On the Level, an Epiphany in the Exercise Room

    Matthew 19:1-12. Then Jesus said to the crowds and to his disciples, “The scribes and the Pharisees sit on Moses’ seat; therefore, do whatever they teach you and follow it; but do not do as they do, for they do not practice what they teach. They tie up heavy burdens, hard to bear, and lay them on the shoulders of others; but they themselves are unwilling to lift a finger to move them. They do all their deeds to be seen by others; for they make their phylacteries broad and their fringes long. They love to have the place of honor at banquets and the best seats in the synagogues, and to be greeted with respect in the marketplaces, and to have people call them rabbi. But you are not to be called rabbi, for you have one teacher, and you are all students. And call no one your father on earth, for you have one Father—the one in heaven. Nor are you to be called instructors, for you have one instructor, the Messiah. The greatest among you will be your servant. All who exalt themselves will be humbled, and all who humble themselves will be exalted.

    A hundred times, and maybe more, I have heard these words of Jesus quoted in criticism of the practice of Catholics, and others, to name their spiritual leaders "father."  That emphasis misses the point.  What Jesus here takes to task is the very human tendency, including very human church people, to assume some of us are closer to God than others of us. 

    Even my agnostic friends, who should know better, play along with this common assumption, that, "After all, Reverend, you have God's ear (if that God exists!) and I certainly don't." 

    Sweating in the exercise room the other Friday I struck up a conversation with a fellow on a treadmill.  For whatever reason he reported that he was reading a book about Dante.  One reference led to another and he allowed as how he, something of a closet Buddhist, believed in reincarnation.  I demurred at this point saying that as a Christian I believed we went around only once in this life.  He then recounted with admiration the monks who had devoted themselves to lives of contemplation... the better to draw closer to Nirvana and eventually to escape once and for all the chain of being. In other words, there are degrees of holiness.

    To which I responded, with the saffron-clad holy men in mind, that the Gospel of Jesus Christ, by contrast, is a great leveler.  I quoted the Apostle Paul's line in Romans 3:22 (NSRV), that "there is no distinction, since all have sinned and fall short of the glory of God."  Saints and sinners stand on common ground.  And no one stands taller than another.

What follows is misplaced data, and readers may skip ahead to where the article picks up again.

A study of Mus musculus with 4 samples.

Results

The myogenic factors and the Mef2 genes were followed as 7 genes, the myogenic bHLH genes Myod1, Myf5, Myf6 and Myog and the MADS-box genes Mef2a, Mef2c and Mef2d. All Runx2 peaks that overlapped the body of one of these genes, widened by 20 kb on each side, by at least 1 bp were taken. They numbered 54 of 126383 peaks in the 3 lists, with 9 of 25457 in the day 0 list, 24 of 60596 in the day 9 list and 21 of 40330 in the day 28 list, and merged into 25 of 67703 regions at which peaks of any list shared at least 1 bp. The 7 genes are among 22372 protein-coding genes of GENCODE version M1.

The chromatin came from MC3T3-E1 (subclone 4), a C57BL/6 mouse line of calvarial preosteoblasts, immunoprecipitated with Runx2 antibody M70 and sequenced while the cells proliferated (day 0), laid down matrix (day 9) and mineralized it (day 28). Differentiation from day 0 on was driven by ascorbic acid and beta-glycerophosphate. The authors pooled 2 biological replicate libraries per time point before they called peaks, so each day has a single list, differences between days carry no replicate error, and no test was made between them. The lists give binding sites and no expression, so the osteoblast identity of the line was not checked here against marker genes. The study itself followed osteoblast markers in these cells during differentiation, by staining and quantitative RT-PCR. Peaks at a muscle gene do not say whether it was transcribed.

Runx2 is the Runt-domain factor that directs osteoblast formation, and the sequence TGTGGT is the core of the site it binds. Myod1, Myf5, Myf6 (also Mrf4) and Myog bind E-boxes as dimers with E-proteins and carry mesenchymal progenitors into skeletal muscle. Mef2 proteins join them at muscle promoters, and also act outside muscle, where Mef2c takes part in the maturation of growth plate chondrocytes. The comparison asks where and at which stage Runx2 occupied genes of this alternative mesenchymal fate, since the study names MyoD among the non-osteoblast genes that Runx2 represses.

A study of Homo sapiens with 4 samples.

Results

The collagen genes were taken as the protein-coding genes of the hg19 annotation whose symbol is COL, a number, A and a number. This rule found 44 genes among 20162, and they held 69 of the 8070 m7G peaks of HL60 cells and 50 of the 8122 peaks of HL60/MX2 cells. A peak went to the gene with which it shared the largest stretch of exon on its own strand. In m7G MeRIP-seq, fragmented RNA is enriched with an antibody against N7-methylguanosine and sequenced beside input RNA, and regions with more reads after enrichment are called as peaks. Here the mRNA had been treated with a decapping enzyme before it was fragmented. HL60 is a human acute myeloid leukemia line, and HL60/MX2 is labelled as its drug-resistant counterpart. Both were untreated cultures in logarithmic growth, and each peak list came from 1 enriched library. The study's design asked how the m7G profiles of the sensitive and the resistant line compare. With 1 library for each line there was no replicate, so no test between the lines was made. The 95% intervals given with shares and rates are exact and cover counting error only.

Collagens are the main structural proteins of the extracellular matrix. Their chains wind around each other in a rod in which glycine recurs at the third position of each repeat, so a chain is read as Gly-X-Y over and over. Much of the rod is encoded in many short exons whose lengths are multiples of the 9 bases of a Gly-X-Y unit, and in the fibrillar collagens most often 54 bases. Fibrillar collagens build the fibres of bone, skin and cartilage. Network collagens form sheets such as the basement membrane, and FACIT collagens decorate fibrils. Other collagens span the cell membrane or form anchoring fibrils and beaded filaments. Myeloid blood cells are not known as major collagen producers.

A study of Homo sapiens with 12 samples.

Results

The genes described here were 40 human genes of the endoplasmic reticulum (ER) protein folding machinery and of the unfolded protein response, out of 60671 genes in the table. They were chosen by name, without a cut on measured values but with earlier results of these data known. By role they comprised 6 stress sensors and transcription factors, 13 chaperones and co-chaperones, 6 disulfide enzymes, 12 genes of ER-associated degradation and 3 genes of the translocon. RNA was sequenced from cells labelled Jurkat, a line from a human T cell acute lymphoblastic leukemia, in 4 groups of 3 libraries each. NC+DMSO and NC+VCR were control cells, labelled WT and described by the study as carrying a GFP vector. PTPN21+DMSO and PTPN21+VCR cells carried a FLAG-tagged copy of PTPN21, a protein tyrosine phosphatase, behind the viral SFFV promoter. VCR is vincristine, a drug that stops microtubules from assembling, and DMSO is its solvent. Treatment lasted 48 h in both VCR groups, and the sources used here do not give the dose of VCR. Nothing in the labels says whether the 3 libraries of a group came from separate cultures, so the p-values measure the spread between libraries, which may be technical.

Oh, yes, yes, we Christians have our hagiographies (whatever they are!).  Catholics canonize, Protestants pedestalize. Think Mother Theresa and Billy Graham.  Fundamentalist Christians, who would rail against the "papist doctrine of the intercession of the saints," nonetheless bestow upon their favorite spiritual leaders a mantle of invincible morality and spiritual giftedness that elevates them above you and me.  "Growing in grace" has come to mean, not what it meant to Martin Luther (a more profound conviction of one's own unworthiness), getting better and better, and closer and closer to God.

    This same Martin Luther has been quoted (from what document I have been unable to pinpoint) as claiming that an oath upon the lips of a common man is sweeter to the ears of God than all the prayers of the saints. This startling statement is not uttered to disparage the prayers of the saints as much as it is to situate them within the overwhelming, confounding, and extraordinarily generous grace of God, in the presence of which all comparisons of our relative worthiness shrink into insignificance.

    One of those agnostic friends of mine asked me how come I have never tried to convert him.  I might have teased and taken the short route to an answer telling him I knew such an effort would be hopeless. In fact, I gave him no explanation at all because I knew in my heart that God is just as close to him as God is to me.  Getting him to agree with me not only was unlikely but unnecessary.  In God's good time, here or there, God will get to my friend.

    For that is the bedrock conviction of the Gospel of Jesus Christ, that God seeks us, has in fact gone great lengths in that endeavor, even to coming among us as one of us, bleeding our blood, and dying our death, to get so close to us so that when God says to us our misery or ecstasy, "I understand," we'll know he does... understand.  Religion is our search for God.  The Bible, however, tells a different story, the story of God's search for us.  Whether we frequent the confessional or the OTB. Whether we devote ourselves to prayer or vituperation.  Whether we memorize Bible verses or rock lyrics.  Whether we pastor a church or sell used cars.  Salvation history is replete with God's surprises, taking many who are least likely to succeed and nominating them for heroic assignments. 

    If Augustine could pray that "our hearts are restless until they find their rest in Thee," equally true is it that God is restless until we find our rest in him.

    So began my thoughts of leveling, amid exercise and sweat, not exactly the likely scene of holy contemplation, where in the eyes of each other some of us are fitter, but where in the eyes of God, whatever our heart rate or body fat percentage, we are equally within God's reach.